Select Committee on Defence Minutes of Evidence

Examination of Witnesses (Questions 300-302)


2 MAY 2006

  Q300  Robert Key: I started my teaching career, when I had a proper job, at a boarding school in Scotland and I am a Scottish registered teacher. That is when I first came across the Queen Victoria School in Dunblane which I have visited with the Defence Committee in a previous Parliament, and I was extremely impressed by it. I do not know the Duke of York's Royal Military School in Dover. However, I am concerned about what happened to the `de-agencifying' of the Queen Victoria School last year. Is the same likely to happen to the Duke of York's Royal Military School?

  Ms Cassidy: There is certainly a chance. So far as QVS is concerned, it was the commissioners of the school, who are, if you like, roughly the equivalent of the governors of the school, who chose to look at the advantages and disadvantages of de-agencification and they concluded that actually, on balance, they saw advantage which is why QVS was de-agencified at the end of last year.

  Q301  Robert Key: Are you satisfied entirely with the performance of the two schools?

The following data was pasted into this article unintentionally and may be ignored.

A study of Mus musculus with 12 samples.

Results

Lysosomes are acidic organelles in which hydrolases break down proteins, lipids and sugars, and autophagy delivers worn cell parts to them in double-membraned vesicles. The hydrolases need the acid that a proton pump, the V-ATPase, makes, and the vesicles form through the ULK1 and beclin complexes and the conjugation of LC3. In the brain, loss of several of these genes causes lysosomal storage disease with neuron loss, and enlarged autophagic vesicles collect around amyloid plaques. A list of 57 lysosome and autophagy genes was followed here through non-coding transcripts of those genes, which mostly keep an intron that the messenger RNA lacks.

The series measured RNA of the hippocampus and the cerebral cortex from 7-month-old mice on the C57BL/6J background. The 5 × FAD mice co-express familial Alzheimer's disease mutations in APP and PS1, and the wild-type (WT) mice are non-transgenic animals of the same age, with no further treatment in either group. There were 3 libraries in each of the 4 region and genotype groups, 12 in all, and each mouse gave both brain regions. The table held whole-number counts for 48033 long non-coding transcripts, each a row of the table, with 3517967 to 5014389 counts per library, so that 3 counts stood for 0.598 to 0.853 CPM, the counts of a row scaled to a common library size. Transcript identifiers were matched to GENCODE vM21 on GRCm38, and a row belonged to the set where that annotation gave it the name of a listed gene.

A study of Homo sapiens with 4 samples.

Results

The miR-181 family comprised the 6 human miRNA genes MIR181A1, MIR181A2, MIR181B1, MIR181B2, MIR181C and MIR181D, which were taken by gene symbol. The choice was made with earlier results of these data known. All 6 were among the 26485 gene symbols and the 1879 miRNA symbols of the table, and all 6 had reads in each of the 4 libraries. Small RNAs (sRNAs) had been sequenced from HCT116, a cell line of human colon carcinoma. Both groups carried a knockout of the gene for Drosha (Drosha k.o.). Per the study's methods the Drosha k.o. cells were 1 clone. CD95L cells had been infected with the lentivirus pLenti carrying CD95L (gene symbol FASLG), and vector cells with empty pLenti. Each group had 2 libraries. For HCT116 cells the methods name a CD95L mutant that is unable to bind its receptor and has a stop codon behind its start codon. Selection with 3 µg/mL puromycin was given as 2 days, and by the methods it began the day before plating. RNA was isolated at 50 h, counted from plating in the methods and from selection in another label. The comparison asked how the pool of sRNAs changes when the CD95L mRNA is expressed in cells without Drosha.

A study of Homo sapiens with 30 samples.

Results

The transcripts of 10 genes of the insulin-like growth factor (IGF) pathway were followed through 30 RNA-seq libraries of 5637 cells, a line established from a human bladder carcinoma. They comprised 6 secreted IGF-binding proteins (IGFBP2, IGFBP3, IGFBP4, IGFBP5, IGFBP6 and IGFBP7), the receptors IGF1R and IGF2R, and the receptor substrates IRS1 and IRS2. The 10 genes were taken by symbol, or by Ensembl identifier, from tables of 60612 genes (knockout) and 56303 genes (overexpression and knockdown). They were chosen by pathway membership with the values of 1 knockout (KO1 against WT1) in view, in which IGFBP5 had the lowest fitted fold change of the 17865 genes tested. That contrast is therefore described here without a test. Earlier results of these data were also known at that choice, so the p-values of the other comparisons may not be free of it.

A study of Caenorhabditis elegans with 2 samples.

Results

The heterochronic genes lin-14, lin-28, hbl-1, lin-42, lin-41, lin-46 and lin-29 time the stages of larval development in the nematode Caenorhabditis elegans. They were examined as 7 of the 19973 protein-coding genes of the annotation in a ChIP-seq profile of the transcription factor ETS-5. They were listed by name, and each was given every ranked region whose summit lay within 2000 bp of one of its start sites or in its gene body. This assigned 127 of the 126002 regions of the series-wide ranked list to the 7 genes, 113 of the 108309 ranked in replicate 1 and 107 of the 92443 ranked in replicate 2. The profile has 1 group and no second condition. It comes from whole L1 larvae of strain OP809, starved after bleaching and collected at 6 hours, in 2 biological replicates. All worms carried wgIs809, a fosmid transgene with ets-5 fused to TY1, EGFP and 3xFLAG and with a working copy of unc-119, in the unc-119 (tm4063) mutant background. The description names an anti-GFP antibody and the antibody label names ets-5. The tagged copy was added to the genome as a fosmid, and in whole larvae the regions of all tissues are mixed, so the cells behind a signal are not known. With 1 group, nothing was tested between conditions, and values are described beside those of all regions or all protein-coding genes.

Ms Cassidy: With the performance of the schools, they are both good in their way. The schools are extremely different. QVS, one of its great strengths of course is that it teaches to the Scottish curriculum, so it provides a very valuable service for those who want to board children on that curriculum. It is not a very large school, but it is also an extremely supportive school, so it takes a lot of children with distinct educational needs, I do not say a large proportion of SEN, but it is a very supportive school with a good teacher:pupil ratio and it provides a very supportive environment for children who probably would not cope with standard alternative boarding schools. It meets a real need for the Army in Scotland or for all three Services indeed. The Duke of York's is a very different school. They do not have quite the niche position. Over the last ten years they have focused slightly more, I would say, on educational output and they have improved their educational standards very significantly over the past ten years. As you will see from the league tables, they compete with some pretty decent independent schools.

  Q302  Robert Key: Minister, does the Government have any plans to disengage from these two schools, to see them go independent?

  Mr Touhig: No, we have no plans at all to disengage those schools.

  Chairman: That is the sort of answer we like and it allows us to finish at 12.31, so sorry to be a minute late. Can I thank you all very much indeed for giving a lot of help to the Committee in an inquiry of extreme importance.